Pro-Russian crowds seized two Ukrainian warships Thursday and Ukraine said its troops were being threatened in Crimea as it prepared to pull its troops and their families from the region.
Shots were fired but there were no casualties as the Ukrainian corvette Khmelnitsky was seized in Sevastopol, according to an AP photographer at the scene. Another ship, the Lutsk, was also surrounded by pro-Russian forces.
National Security and Defense Council secretary Andriy Parubiy said that Ukraine will seek U.N. support to turn Crimea into a demilitarized zone as it prepares to relocate as many as 25,000 soldiers and their families to the Ukrainian mainland.
Thousands of Ukrainian soldiers and sailors are trapped on military bases, surrounded by heavily armed Russian forces and pro-Russia militia.
"We are working out a plan of action so that we can transfer not just servicemen, but, first of all, members of their family who are in Crimea, quickly and effectively to mainland Ukraine," Parubiy said.
Russia's State Duma lower house of parliament on Thursday overwhelmingly approved the treaty to annex Crimea from Ukraine, Reuters reported. The Federation Council upper house will hold a vote on Friday, completing ratification of the treaty that was signed
by Russian President Vladimir Putin on Tuesday.
Humbled but defiant, Ukraine lashed out symbolically at Russia by declaring its intent to leave the Moscow-dominated Commonwealth of Independent States, a loose alliance of 11 former Soviet nations. The last nation to leave the group was Georgia, which fought a brief war with neighboring Russia in 2008 and ended up losing two separatist territories.
Ukraine has been powerless to prevent Russian troops from taking control of Crimea. Crimea's absorption came after a hastily organized referendum in which the population voted in favor of seceding from Ukraine and joining Russia.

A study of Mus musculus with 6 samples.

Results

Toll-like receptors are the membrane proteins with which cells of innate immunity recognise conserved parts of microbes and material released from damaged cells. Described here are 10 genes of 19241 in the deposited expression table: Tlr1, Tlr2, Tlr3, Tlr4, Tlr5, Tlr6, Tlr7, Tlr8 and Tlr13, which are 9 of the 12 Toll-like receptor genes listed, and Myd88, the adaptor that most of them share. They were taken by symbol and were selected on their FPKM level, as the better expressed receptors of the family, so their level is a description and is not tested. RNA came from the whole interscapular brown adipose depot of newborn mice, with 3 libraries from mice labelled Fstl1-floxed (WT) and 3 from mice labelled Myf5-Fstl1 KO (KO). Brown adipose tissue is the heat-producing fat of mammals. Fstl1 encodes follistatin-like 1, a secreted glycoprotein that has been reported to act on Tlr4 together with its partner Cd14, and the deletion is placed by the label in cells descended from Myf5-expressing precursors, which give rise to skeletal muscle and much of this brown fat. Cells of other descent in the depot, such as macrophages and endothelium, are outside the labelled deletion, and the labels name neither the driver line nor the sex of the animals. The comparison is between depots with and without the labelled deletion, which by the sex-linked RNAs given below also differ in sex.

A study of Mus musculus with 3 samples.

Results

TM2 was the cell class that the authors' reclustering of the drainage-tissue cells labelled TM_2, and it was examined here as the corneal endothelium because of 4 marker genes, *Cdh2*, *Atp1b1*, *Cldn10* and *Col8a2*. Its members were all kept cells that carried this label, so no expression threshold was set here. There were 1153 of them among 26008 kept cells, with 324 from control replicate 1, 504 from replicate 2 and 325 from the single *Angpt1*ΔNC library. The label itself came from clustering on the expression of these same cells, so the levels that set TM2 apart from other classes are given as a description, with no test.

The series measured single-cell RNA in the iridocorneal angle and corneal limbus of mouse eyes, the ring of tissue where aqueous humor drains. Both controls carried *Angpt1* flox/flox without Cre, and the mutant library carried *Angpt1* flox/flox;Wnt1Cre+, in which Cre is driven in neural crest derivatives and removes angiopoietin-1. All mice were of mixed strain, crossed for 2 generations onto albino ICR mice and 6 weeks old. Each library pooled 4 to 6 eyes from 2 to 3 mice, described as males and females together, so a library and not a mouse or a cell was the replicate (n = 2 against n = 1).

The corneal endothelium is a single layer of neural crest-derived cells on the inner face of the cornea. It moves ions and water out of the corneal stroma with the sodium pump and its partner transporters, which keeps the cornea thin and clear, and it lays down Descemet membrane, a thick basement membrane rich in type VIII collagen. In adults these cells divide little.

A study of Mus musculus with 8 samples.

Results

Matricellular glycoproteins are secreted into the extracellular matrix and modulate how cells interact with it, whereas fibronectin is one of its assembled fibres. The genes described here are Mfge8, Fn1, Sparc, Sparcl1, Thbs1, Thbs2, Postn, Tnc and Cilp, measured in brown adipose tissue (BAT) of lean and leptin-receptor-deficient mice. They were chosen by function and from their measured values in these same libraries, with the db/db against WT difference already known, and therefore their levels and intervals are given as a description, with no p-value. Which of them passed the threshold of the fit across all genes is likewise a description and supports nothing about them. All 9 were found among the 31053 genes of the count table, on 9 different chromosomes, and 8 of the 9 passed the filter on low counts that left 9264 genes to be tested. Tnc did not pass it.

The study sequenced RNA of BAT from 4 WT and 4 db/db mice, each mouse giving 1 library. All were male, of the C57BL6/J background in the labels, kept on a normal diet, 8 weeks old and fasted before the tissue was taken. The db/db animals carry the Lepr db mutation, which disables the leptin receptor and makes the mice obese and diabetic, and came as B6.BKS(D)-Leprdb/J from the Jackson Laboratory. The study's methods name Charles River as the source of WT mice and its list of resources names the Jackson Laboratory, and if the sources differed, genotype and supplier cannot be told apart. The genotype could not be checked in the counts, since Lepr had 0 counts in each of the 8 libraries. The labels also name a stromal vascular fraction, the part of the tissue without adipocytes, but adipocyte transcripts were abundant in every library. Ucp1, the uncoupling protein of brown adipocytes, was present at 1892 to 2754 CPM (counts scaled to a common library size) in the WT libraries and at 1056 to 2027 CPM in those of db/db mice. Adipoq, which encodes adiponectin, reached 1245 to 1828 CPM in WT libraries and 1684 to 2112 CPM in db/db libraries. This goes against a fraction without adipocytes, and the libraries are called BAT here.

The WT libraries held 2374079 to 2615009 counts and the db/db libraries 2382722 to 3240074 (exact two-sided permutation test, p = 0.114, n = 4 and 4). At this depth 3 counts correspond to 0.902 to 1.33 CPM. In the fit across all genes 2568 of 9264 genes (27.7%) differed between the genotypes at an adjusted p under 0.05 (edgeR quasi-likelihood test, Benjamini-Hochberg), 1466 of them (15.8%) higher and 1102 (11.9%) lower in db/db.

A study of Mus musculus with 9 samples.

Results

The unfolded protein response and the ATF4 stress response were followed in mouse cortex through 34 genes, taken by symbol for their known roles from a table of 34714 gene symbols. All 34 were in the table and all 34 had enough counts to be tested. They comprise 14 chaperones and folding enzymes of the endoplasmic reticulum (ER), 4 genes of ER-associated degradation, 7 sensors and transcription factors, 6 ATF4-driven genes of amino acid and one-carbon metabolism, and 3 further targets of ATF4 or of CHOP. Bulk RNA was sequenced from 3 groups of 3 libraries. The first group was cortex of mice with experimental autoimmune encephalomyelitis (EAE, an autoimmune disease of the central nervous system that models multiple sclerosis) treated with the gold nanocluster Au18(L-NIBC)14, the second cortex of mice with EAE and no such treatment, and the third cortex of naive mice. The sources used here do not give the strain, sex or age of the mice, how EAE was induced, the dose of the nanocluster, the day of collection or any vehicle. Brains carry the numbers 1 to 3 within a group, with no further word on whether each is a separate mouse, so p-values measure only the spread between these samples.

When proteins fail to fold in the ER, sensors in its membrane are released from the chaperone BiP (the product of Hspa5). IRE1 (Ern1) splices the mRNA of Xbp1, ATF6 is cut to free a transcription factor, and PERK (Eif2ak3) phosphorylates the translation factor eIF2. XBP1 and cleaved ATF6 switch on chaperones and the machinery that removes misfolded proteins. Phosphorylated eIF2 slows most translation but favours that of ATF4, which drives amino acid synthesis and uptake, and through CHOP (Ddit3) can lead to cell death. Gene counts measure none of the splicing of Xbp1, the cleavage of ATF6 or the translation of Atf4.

President Barack Obama said Thursday the U.S. is levying a new round of economic sanctions on individuals in Russia, both inside and outside the government, in retaliation for the Kremlin's actions in Ukraine.
Obama says he has also signed a new executive order that would allow the U.S. to sanction key sectors of the Russian economy.
The new penalties mark the second round of economic sanctions the U.S. has levied on Russia this week.
Minutes after Obama introduced the new sanctions, Russia said it has imposed entry bans on nine U.S. lawmakers and officials in retaliation.
The list includes John Boehner, the speaker of the House of Representatives, Robert Menendez, the head of the Senate Foreign Affairs Committee, other senators and administration officials.
European Union leaders said Thursday they would widen the number of people hit with a travel ban and frozen assets in response to Russia's annexation of the Crimea peninsula, and announced plans to scrap a scheduled EU-Russia summit.
French President Francois Hollande said "there was supposed to be a summit between EU and Russia that cannot happen in these circumstances."
Chancellor Angela Merkel told the German parliament that EU leaders would increase the number of people affected by asset freezes and travel bans -- initially at 21 politicians and military commanders -- and reiterated that if the situation worsens, the EU is prepared to move to another level, which would include economic sanctions.
British Prime Minster David Cameron said that the two-day summit was to center just as much on strengthening Ukraine's fledgling government, calling on the 28 EU nations' need to bolster the new Ukrainian authorities with political commitments and economic aid.
The EU is Russia's biggest trading partner, and Russia is the EU's third-largest partner, mostly thanks to exports of raw materials such as oil and gas. Because of the multi-billion trade exchanges, any step toward economic sanctions will not be taken lightly.
EU nations had already canceled the preparation of a G-8 summit set for June in Sochi and, as a second phase, on Monday imposed the first round of visa bans and asset freezes on 21 people linked to the widely condemned annexation.
Hollande's announcement to scrap a bilateral summit was a natural extension.
But France also took pains to keep diplomatic channels open. Defense Minister Jean-Yves Le Drian said the planned delivery this fall of two warships to Russia was still on track.
"I hope by then, we'll have de-escalated" with Moscow, he said.
At the same time, the EU leaders planned to give the new government in Kiev all the support it could.
Yatsenyuk arrived in Brussels to sign a political agreement Friday with EU leaders, underscoring the commitment of Europe to the new leadership in Kiev.
UN Secretary-General Ban Ki-moon visited Moscow on Thursday and will go to Ukraine on Friday.
Ban said at a meeting with Putin Thursday that he was "deeply concerned'" by the situation involving Ukraine and Russia, Reuters reported.
The Associated Press contributed to this report.